Snell-certified helmets are indeed better than Dot. Snell tests are done on an extreme level making the Snell certification the gold standard of safety helmets. That said, all the legal helmet for motorcycle has to be at least Dot certified. If it isn’t Dot approved then you can even get fined for using a helmet that isn’t legal.
What Kind of Tests Are Done by Snell and Dot?
Snell and Dot both does mostly similar kind of test. But the Snell tests are stricter. For example, Dot drop tests are done from a 1.83m height but the Snell drop test is done from various heights. That said not all tests are similar to each other.
Dot tests consist of mainly two or three kinds of tests. These are the drop test, penetration test, and retention strap test.
First, the helmets go through various drop tests. These drop tests are done from a height of 1.83m. There are two types of anvil Dot uses for the test. One is a normal flat anvil. The other one is a spherical anvil.
After the drop test, they also test if the helmet is strong enough to not get penetrated by a sharp object. This is done by keeping the helmet in one place and dropping the striker onto the helmet.
Finally, the retention strap is tested with 300 pounds of force for two minutes. This makes sure that the strap can handle the force in case of an accident. The last thing you want is the helmet falling off your head in an emergency.
Snell tests are similar to the Dot test yet they are very different. They also do the drop, penetration, and retention test just like Dot. But they also add some more steps to it. Other than that, they also do some additional tests.
For drop tests, they use five different shaped anvils (Flat, Hemisphere, Curbstone, Rollbar, Edge, or a Horseshoe type) to make sure the helmet can withstand any kind of surface.
They don’t have a specific height for the drop test. The height can vary from helmet to helmet. According to Snell’s website, it is done to make sure the acceleration remains roughly the same on all the helmets. This makes it easier to calculate and test how hard the helmets are being impacted.
The penetration test is done by using a 3 kg sharp-pointed 3d models striker. The striker is dropped on the helmet from a certain height. To pass this test, the helmet has to stop the striker from penetrating too deep or completely stop the striker without penetration. If the striker comes in contact with the head foam it is considered a fail.
For the retention test, Snell first uses a 23 kg weight for one minute. Then this 23 kg is simultaneously removed and a 38 kg mass is added in a guided fall. If the strap can hold it within 30 mm then it is considered passed.
Chin Bar Test
Snell tests the chin bar separately. For this test, the helmet is placed with the chin bar facing up. Then a 5 kg weight is dropped on the chin bar. To pass this test the chin bar must not exceed the stated downward distance.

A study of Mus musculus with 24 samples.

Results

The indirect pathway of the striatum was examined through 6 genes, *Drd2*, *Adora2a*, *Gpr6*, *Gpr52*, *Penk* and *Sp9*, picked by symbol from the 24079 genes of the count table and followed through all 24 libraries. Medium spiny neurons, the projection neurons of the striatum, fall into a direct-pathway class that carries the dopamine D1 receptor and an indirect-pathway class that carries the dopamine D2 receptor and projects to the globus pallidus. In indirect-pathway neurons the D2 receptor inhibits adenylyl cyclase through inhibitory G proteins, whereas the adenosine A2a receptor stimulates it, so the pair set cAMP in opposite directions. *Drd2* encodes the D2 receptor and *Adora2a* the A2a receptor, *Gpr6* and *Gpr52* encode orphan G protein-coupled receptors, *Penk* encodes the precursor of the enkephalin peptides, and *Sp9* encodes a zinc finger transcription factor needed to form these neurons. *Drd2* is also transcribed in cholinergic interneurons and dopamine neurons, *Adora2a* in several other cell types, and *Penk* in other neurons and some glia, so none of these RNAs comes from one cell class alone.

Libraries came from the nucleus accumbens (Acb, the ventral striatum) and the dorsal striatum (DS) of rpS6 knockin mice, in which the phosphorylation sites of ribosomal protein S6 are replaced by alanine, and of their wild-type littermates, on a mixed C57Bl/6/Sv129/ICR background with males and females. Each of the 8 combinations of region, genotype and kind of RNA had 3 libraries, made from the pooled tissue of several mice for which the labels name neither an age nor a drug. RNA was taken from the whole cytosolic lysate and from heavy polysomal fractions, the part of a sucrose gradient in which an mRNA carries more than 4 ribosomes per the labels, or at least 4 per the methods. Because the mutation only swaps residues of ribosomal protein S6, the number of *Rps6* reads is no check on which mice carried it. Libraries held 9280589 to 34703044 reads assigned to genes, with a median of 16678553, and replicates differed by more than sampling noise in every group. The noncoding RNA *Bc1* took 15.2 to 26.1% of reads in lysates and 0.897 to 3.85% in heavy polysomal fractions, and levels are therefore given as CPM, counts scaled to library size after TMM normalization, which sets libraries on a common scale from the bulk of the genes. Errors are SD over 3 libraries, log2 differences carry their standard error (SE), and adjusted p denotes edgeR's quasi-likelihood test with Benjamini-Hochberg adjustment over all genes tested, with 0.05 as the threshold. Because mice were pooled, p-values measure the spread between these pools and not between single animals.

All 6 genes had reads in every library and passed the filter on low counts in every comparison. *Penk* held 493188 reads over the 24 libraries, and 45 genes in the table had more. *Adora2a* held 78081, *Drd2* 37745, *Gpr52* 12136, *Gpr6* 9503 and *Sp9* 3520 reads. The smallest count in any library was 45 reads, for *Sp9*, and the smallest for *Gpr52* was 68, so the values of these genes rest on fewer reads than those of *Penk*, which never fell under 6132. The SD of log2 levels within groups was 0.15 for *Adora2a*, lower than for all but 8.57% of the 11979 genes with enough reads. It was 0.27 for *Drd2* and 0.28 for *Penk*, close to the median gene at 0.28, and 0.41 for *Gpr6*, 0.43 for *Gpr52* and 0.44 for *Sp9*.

The stability test is a bit more complicated than the other one. This makes sure that the helmet doesn’t give out shock waves that can harm the wearer when hit. For this test, the helmet is put on a dummy head. Now the head is placed on a 135-degree angle facing downward.
A rope is tied on the chin bar. The other end of the rope consists of a little platform with a 4 kg weight. This 4 kg weight is dropped on the platform while the rope is hanging from the chin. If the helmet doesn’t roll off from the head then it is considered as passed.
Face shield/Visor Penetration Test
For the face shield, three lead pellets are shot with an air rifle at a speed of 500 km/h. These pellets must not penetrate the visor for it to pass the test. For a racing helmet, the bump must have to be less than 2.5 mm.
Aside from these, there are a few extra tests that are done only for a racing helmet. These are the flame resistance test, frontal head resistance test, and the chin bar impact test.
Snell Vs Dot
We can see from the discussion that Snell goes through a lot more tests than Dot. But does that actually make the Snell better or is Dot is enough? Yes, that does make Snell better.
Snell goes through more tests that test various environments and conditions. It makes sure no matter where you are the helmet is always going to protect you without any flaw.
Sadly, that cannot be said for Dot. Dot only does a few basic tests compared to the Snell. It leaves room for flaws when comes to the real world. These tests can’t always guarantee full safety in a real situation.
Dot is the minimum requirement for a helmet need to be legal. But the Dot tests are not carried by the actual Dot. These tests are done in the manufacturer’s own lab. As a result, many people believe that most of the Dot tests are very lackluster.
Despite what many people believe, since the Dot tests are done by the manufacturers, there is a strict rule for maintaining quality. According to it, if a brand is found falsely giving Dot approval, they will be fined 5k dollars per helmet. So it is safe to say, false Dot certification is very risky for any brand.
On the other hand, all Snell certifications are done in Snell’s own lab. No third party has any say in it. No matter what the helmet is, they do not compromise when it comes to safety. So you can be sure that a Snell-approved helmet will hold up to your expectation.
Q: Are Snell-approved helmets worth it?
Ans: Yes, you never know when something might happen. With a Snell helmet, you’ll be protected no matter what.
Q: How do you know if a helmet is Snell approved?
Ans: There will be a sticker with a barcode inside or outside of the helmet to let you know it is Snell approved.
Ans: Only a few modular helmets are Snell approved.
If you are thinking about whether you should get a Snell or Dot helmet, Snell is always going to be the better choice. Although some types of helmets like the modular helmets don’t have many Snell-approved products. In that case, you can buy a DOT or even better an ECE-approved one.